For the second time in a row, the generous artists at Pigeon Creek Shakespeare Company have made a career-long dream of mine come true.
Four years ago, I was honored to join the company for a stellar production of Antony and Cleopatra. Having previously played Antony in Julius Caesar, I had yearned for years to finish the character’s arc in its sequel. Enter Pigeon Creek, who moved heaven and earth to raise the money for an Equity contract, and have me aboard for A&C.
In this smaller but on-the-rise company, I discovered one of the best directors and casts I have ever had the pleasure of working with in over 15 years doing Shakespeare. Though she be but little, she is fierce.
It’s no wonder, then, that even before that production closed, I was already anticipating the next opportunity I might have to work with these fine artists. And I knew precisely the project I hoped to assail with them—a conflation of the two parts of Henry IV.
Not unlike my fascination with Antony’s arc, I have been fairly obsessed for years with the journey that Prince Hal takes over the course of the Henry IV plays, culminating in his transformation into the mature and dynamic king in Henry V. It has been at the very top of my personal bucket-list to play Henry in these three plays since I was a young buck at conservatory. But as the years went by—and I still had not found the opportunity to play him—I feared my dream of walking in his boots from Eastcheap to Shrewsbury to the fields of Agincourt might never happen.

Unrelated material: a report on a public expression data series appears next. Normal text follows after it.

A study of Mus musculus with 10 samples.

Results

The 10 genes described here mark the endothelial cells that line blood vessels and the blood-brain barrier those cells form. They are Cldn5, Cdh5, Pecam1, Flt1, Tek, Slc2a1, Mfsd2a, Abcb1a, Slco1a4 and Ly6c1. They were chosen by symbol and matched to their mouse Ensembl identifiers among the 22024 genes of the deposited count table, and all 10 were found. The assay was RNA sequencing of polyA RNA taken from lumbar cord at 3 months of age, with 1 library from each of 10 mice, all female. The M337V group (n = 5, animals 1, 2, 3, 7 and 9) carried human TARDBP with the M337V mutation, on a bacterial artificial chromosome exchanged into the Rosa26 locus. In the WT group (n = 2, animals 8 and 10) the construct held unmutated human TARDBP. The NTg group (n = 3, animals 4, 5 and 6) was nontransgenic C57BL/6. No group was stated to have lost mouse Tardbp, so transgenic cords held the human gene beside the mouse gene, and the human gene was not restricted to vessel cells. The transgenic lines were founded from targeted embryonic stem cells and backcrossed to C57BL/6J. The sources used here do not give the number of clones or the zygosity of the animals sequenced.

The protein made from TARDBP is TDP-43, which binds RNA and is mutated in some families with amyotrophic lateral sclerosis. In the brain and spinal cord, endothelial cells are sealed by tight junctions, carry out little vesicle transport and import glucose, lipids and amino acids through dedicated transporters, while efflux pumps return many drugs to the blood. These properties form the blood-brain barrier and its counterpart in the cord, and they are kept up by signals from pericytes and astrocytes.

Re-enter Pigeon Creek. Having produced a memorable Richard II last season, it was suggested the company continue Shakespeare’s eight-play History Cycle, in the spirit of the BBC’s Hollow Crown series. Such an ambitious undertaking would follow Richard II with the two parts of Henry IV, then Henry V, the three parts of Henry VI—known collectively as The Wars of the Roses—and conclude with the final play of the cycle, Richard III. I was overjoyed when the board decided to move forward with this audacious plan, and I was invited to take part in it. Not only would I have the chance to accomplish a personal milestone, but upon the plan’s fruition, Pigeon Creek Shakespeare would hold the distinction of being only the third professional Shakespeare Company in the United States to present Shakespeare’s entire History Cycle in chronological order. Fierce, indeed.
As for playing Hal a little later than expected, I’m certainly not the first actor who’s had to wait awhile to achieve a coveted part—I’m in good company. When Martin Sheen played John Proctor in The Crucible on Broadway in 1991, he was several years older than the role is generally cast. When asked about it, he explained that it had long been a Dream Role of his, but the stars had never aligned to take it on until that moment—‘I should have done this play fifteen years ago and I didn’t then, so I must do it now.’
That moment has finally arrived for me with Prince Hal in Henry IV, Parts 1 and 2. I must do it now. And I couldn’t be more grateful than to be doing it with this extraordinary director and ensemble at Pigeon Creek Shakespeare Company. If we do our job right, our audience will recognize and remember their own struggles to become adults reflected in Hal’s wonderful rise to manhood.
We trust it will be worth the watching. For me…it’s certainly been worth the wait.